Back to school

by Caroline Clarke

11 September 2020


Addressing public anxiety is part of the recovery challenge facing the NHS

I’m writing this at the start of September on the evening before my daughter goes back to school. She’s not had quite the extended break that some kids have had (as keyworkers, we were lucky enough to send her to a small version of school during lockdown). But she’s really looking forward to getting back to structure and seeing her friends.

Talking to other parents, many are still anxious about school restarting. We’ve seen this in the NHS too, with some patients not wanting to come into hospitals or GP surgeries. I’ve also watched the school take massive additional precautions, just as we’ve tried to in the hospitals and other care settings.

And I’ve realised that, no matter how great the precaution, it’s going to take something else to allay anxieties. There’s huge variation in public confidence and, as we go into winter, it’s hard to know what else to do to shift things.

I do know that we will bust a gut to reduce waiting lists, that we will try to keep as many services open as possible in the event of a second Covid wave. And we will continue to learn lessons from the last six months so that we can make constant improvements.

But what else can we expect this term? Apart from the obvious winter planning and ensuring that we are in the best possible position to face another Covid wave, there are a few more things on the agenda for the finance community.

  • There’s this autumn’s comprehensive spending review, which should give the NHS a view on allocations for the next few years. There will be some big asks from the service around staffing and pay (the recently published NHS people plan is a bit silent on how we are going to pay for some of the commitments), capital to support infrastructure, and Covid recovery plans. And I hope it will be a chance to move from episodic funding to something more long term and stable.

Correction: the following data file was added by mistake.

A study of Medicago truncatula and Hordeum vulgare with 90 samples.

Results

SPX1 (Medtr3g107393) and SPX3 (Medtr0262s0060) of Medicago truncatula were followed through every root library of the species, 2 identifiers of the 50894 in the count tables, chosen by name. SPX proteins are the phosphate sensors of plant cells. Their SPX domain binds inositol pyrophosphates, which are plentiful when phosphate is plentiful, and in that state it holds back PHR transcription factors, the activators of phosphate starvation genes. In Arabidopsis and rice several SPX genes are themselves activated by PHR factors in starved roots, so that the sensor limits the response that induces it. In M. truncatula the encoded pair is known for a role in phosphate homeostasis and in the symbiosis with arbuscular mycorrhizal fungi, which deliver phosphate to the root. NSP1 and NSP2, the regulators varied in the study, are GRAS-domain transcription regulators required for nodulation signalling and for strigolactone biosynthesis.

• We have a massive number of people waiting a long time across the NHS and getting back to some kind of equilibrium will not be easy or quick. NHS England and NHS improvement have issued their ‘phase 3 letter’. This is generating an industrial number of PowerPoint slides and templates and a lot of head scratching at system level about how we get the incentives right. Let’s hope we can keep things simple. Don’t over-complicate this year, and let’s plan for a better future.
  • The long awaited people plan, We are the NHS: people plan 2020/21 – action for us all, was quietly released in the summer. We should welcome the focus on staff wellbeing and inclusion. And as a profession we should be curious about the resource implications of some of the statements and should offer support and challenge.
  • Local partnerships are solidifying all over the country and technology is emerging as a key enabler. I talked about this in my last blog Going digital, staying human and I’d still encourage everyone to read the excellent report by Health Education England on what this will mean for the workforce of the future – the Topol review.

For those of you who managed to have a break, I hope you’ve come back rested and ready for whatever the world throws at us. And if you haven’t had a break, I hope you have one booked soon.

And I Iook forward to seeing lots of you virtually at the branch conferences.

 


This blog appears in the September 2020 issue of Healthcare Finance.